2013-07-24 15:27:03

(China Daily)


Clockwise from top: An inkstone inscribed with a portrait of the philosopher Confucius; The inkstone Nishan Hill is rare because of its natural pattern of mountain shapes and pine trees; The inkstone Looking for flowers in the spring gets its name from a poem by a Song Dynasty Confucian scholar, Zhu Xi. Photos Provided to China Daily

Inkstones, the ancient Chinese equivalent of the artist's mixing palette, are a combination of natural beauty and delicate craftsmanship

In traditional Chinese art there are four common subjects, known as the "four gentlemen" - plum blossom, orchid, bamboo and chrysanthemum. They are matched by four artists' tools - brush, ink, paper and inkstone - that in some cases have become works of art in themselves worthy of the most prestigious gallery space.

Throughout Chinese history these tools have been essential to both painters and calligraphers, with their quality playing an important role in the creation of masterpieces.

Inkstones, the Chinese equivalent of a painter's mixing palette, are arguably the most beautiful of them, often ornately carved from stone, with delicate engravings.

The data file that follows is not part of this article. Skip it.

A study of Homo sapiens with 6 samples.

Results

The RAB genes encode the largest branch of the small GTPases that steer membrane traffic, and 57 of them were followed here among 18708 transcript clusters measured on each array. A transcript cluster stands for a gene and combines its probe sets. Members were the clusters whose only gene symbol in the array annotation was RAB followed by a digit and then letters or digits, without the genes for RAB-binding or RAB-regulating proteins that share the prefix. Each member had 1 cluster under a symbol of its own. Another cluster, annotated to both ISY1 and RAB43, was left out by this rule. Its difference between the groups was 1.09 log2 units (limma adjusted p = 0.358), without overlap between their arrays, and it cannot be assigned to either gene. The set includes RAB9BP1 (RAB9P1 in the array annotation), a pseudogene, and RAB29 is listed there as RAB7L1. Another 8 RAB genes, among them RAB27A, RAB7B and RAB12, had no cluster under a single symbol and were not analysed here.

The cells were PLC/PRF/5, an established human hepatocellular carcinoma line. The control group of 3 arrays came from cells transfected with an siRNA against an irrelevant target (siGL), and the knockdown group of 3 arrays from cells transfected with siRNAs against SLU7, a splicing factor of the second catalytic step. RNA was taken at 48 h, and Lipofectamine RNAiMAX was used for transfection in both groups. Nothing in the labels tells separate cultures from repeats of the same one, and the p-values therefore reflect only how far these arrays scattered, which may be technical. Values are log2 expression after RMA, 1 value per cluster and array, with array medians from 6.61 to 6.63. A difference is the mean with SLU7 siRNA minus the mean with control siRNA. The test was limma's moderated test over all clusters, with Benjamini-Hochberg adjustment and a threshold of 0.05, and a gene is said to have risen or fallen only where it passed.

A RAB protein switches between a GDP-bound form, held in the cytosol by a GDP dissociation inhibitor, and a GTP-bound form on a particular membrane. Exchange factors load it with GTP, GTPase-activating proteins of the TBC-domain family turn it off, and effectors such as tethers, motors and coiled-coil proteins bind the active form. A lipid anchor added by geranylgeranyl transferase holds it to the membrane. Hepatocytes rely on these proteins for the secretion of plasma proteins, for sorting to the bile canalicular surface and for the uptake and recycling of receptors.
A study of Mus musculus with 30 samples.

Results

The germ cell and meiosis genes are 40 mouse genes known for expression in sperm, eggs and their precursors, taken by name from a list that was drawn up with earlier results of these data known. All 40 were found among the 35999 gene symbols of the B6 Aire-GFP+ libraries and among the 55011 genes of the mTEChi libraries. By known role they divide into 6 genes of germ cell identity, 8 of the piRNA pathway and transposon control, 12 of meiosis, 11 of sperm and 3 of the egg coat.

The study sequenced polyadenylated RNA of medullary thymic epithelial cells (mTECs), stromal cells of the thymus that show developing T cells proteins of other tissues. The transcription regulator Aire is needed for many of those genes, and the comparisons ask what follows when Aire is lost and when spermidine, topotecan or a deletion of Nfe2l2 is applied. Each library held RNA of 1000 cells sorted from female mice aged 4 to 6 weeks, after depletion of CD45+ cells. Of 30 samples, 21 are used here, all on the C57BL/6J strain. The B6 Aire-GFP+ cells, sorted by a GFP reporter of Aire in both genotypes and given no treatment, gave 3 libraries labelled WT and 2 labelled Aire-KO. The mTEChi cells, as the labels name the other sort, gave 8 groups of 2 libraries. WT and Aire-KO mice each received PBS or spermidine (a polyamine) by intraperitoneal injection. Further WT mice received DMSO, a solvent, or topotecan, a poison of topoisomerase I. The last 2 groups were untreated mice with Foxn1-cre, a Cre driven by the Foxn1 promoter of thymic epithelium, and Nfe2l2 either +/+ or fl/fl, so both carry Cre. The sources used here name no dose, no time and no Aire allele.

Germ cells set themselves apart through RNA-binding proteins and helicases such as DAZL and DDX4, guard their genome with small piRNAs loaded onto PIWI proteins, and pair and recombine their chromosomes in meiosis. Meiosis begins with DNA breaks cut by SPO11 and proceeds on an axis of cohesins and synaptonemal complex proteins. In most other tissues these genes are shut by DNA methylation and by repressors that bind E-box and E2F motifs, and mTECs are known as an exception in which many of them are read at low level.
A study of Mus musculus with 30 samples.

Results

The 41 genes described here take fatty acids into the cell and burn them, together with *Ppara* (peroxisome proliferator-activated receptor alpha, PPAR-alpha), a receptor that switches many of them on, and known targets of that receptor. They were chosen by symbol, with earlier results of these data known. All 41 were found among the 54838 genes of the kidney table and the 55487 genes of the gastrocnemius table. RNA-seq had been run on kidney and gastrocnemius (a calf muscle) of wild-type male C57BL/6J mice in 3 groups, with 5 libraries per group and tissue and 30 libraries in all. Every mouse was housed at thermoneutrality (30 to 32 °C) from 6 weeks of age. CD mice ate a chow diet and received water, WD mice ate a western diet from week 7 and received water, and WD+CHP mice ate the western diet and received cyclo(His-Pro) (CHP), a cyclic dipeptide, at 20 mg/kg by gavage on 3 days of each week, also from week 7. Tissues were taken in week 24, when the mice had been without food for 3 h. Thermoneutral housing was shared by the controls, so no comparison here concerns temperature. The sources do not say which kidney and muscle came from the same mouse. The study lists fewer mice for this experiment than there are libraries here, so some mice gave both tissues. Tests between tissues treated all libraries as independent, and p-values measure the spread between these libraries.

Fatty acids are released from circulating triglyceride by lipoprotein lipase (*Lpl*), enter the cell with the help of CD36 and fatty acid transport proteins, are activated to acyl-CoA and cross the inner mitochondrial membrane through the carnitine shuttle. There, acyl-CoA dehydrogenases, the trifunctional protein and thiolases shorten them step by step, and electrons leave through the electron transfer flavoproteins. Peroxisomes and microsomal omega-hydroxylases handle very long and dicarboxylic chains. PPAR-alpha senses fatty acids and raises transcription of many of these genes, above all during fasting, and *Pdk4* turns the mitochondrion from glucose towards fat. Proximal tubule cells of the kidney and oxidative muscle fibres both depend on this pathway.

Chinese inkstones differ according to geography, with the material they are made from being a major distinctive feature.

Perhaps the most unique of them is Nishan inkstone, from Shandong province. It is named after Nishan Hill, next to the city of Qufu, where the legendary philosopher Confucius, whose ideas shaped Chinese culture, is said to have been born in a cave. Because of this connection, Nishan inkstones are often inscribed with Confucian philosophy.

The history of Nishan inkstone can be traced back to the Ming dynasty (1368-1644) in historical documents.

During the epoch of feudal rule, Nishan Hill, as the birthplace of Confucius, was strongly protected by the government, and this had the effect of enhancing the reputation of Nishan inkstone.